Lancet: Kidneys from cardiac-death equal to those from brain-death patients
For first-time kidney recipients, kidneys from controlled cardiac-death donors were equivalent to those donated from brain-death donors and had similar rates of graft survival and graft function, according to a study published online Aug. 19 in the Lancet.

“The demand for kidney transplantation far exceeds the supply of donor organs and the shortfall is becoming more severe as donor numbers fail to keep pace with increasing numbers of patients listed for transplantation,” the authors wrote. “A third of all kidneys from deceased donors in the U.K. are donated after cardiac death, but concerns have been raised about the long-term outcome of such transplants.”

To compare outcomes of kidneys donated from cardiac-death patients and brain-death patients, Dominic M. Summers, MD, of the University of Cambridge, in Cambridge, U.K., and colleagues evaluated 9,134 kidney transplants performed at 23 U.K. centers to assess factors that affect graft survival and function.

Kidneys donated subsequent to brain or cardiac death acquire variant degrees of injury including metabolic and hormonal disturbances after brain death and warm ischemia after cardiac death. According to the authors, warm ischemic injury can delay graft function in some instances, “suggesting that kidneys from cardiac-death donors are inferior to those from brain-death donors.”

Summers et al used the U.K. transplant registry to identify renal transplants from deceased donors between Jan. 1, 2000, and Dec. 31, 2007. The authors chose patients who received transplants from cardiac-death donors of Maastricht category III, defined as donors awaiting cardiac arrest after withdrawal of life-support treatment.

Researchers defined delayed graft function as having a need for dialysis after transplantation. All-cause graft function was taken at the time from transplantation to graft nephrectomy or return to dialysis. Graft function was measured from an estimated glomerular filtration rate.

The median follow-up for the study was six to 10 years and graft survival was assessed at five years.

Of the 9,134 recipients, 845 (9 percent) received kidneys from controlled cardiac-death donors, while 8,289 (91 percent) received kidneys from heart-beating brain-dead donors.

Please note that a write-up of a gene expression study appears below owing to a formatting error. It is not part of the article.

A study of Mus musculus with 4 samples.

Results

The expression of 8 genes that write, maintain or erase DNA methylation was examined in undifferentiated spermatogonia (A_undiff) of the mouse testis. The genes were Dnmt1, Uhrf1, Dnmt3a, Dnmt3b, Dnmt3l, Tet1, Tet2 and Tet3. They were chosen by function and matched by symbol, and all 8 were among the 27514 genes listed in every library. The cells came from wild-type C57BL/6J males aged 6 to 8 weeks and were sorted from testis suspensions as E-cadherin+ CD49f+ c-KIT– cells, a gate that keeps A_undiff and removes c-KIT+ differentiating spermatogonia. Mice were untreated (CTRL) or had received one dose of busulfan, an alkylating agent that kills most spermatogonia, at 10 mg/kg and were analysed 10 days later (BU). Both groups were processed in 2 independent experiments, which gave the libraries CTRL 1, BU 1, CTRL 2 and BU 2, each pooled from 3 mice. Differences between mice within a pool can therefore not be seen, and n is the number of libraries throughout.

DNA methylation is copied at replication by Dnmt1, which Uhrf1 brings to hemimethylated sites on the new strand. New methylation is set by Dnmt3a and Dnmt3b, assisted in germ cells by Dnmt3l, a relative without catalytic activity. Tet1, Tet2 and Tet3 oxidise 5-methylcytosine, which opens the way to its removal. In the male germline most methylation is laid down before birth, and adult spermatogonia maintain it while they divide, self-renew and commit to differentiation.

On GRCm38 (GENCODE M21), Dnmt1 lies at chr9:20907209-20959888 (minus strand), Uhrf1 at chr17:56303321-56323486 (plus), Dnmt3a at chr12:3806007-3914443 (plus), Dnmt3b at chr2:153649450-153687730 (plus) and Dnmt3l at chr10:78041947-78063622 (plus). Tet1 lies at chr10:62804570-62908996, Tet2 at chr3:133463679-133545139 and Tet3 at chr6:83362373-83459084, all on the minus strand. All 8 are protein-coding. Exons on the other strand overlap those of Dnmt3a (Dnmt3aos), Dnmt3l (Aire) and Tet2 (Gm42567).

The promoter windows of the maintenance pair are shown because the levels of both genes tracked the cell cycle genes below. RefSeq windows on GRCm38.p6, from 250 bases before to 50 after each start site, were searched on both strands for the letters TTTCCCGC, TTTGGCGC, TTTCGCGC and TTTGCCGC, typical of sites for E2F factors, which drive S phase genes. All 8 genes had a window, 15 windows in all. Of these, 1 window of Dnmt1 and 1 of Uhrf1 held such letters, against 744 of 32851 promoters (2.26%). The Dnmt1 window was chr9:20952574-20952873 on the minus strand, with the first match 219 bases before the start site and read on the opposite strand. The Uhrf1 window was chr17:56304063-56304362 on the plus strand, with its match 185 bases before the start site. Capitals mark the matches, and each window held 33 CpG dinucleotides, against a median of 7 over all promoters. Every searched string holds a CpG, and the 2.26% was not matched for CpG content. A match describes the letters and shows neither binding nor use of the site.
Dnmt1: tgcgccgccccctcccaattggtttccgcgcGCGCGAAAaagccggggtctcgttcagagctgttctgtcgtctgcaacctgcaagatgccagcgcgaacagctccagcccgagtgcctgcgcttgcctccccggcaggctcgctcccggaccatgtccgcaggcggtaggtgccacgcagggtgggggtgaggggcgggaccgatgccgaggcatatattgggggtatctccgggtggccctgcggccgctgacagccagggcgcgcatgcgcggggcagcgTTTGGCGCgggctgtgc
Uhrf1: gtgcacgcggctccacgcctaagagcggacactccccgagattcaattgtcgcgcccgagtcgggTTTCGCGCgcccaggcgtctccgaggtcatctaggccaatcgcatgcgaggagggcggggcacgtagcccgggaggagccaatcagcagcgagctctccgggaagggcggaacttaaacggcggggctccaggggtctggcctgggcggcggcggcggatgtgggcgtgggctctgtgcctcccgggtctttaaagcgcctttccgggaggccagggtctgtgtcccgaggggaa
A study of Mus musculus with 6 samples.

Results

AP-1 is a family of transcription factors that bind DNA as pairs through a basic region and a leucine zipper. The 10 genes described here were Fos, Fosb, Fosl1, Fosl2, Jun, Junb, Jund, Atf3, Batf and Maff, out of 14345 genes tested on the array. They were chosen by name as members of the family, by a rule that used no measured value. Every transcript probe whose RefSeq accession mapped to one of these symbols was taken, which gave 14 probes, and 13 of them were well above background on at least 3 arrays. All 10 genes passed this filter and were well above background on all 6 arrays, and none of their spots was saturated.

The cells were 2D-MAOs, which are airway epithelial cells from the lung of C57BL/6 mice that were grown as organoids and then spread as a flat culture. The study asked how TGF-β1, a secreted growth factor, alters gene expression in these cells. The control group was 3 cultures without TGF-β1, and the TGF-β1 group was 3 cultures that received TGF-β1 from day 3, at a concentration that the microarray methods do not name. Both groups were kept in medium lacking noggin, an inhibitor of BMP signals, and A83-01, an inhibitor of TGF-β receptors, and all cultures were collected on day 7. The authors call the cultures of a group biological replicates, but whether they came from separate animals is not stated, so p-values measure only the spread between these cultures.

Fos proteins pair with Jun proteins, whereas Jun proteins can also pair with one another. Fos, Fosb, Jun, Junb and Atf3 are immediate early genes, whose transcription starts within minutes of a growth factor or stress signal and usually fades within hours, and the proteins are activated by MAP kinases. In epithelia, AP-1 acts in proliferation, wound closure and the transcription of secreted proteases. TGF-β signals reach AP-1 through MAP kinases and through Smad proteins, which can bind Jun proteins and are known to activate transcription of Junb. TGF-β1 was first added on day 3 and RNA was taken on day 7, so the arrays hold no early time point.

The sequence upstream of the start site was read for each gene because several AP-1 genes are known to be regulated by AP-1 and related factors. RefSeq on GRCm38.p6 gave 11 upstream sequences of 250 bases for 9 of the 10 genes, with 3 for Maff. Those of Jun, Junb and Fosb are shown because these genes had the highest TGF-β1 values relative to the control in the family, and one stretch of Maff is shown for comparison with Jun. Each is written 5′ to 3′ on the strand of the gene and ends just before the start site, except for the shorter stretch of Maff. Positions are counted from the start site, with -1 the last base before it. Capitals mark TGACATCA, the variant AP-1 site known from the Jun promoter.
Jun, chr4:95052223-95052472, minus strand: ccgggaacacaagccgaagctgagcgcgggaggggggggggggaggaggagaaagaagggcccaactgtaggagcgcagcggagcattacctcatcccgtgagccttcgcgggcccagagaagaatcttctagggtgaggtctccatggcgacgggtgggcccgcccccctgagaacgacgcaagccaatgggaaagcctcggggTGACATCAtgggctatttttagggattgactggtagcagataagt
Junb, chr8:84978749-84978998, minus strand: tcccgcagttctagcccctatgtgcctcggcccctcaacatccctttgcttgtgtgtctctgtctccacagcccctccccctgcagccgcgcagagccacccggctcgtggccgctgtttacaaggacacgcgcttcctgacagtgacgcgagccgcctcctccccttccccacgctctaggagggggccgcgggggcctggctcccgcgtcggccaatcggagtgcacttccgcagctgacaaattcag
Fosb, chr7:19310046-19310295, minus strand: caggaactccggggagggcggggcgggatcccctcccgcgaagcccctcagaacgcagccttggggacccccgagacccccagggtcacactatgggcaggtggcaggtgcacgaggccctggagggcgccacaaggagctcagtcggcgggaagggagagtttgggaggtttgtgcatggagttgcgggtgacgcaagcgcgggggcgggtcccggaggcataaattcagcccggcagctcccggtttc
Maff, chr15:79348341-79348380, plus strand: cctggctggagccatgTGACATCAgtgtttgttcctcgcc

Cardiac-death donors were younger, more likely to be white and male and were less likely to have smoked compared to the brain-dead donors. Additionally, the most common cause of death in the donors was stroke, but this was more common in the brain-dead donors. Trauma was the most common cause of death for cardiac-death patients.

Patients who received kidneys from cardiac-death patients were older, less likely to have a prior renal transplant and received kidneys that were less well matched for human leukocyte antigen (HLA).

Primary non-function for patients who received kidneys from cardiac-death donors was higher for repeat than for first transplants.

The researchers found that delayed graft function occurred in 50 percent of kidneys from cardiac-death donors compared to 25 percent in kidneys from brain-death donors.

Additionally, acute rejection occurred in 17 percent of patients who received kidneys from cardiac-death donors and 24 percent of recipients who received kidneys from brain-death donors during the first three months after transplantation.

For first-time kidney recipients, graft survival up to five years after implantation was similar between both donors.

The researchers performed a Cox proportional hazards regression to control confounding variables.

They found that graft failure at five years was equivalent for first-time recipients of kidneys from cardiac-death donors (n=739) compared with brain-death donors (n=6,759).

Donors who were aged 60 or older held twice the risk of graft failure. Additionally, the researchers found that increased cold ischemic time was linked to inferior graft survival--graft failure doubled at a cold ischemic time of 12 hours of more.

The results also showed that cardiac-death donor kidneys that were poorly matched for HLA had an inferior outcome that was not significant and delayed graft function and warm ischemic time had no effect on outcomes.

“Widespread enthusiasm for expansion of kidney transplant programs that use controlled cardiac-death donors has been tempered by concerns that transplant outcome might be inferior to that with kidneys from brain-death donors, with a worryingly high incidence of primary non-function and reports of poor long-term graft function,” the authors wrote. “Our results show that for controlled cardiac-death donors, such concerns are unfounded: although kidneys from cardiac-death donors had a higher rate of delayed graft function than did those from brain-death donors, the incidence of primary non-function was similar in recipients of kidneys from both donor type, and graft survival and function did not differ between the donor types up to five years after transplantation.”

The researchers said that avoiding exposure to nephrotoxic immunosuppressive agents in the period after transplantation can be important, particularly if graft function is delayed.

“The factors shown to affect transplant outcome for kidneys from cardiac-death donors will help to guide clinical decision making and inform future allocation policy.”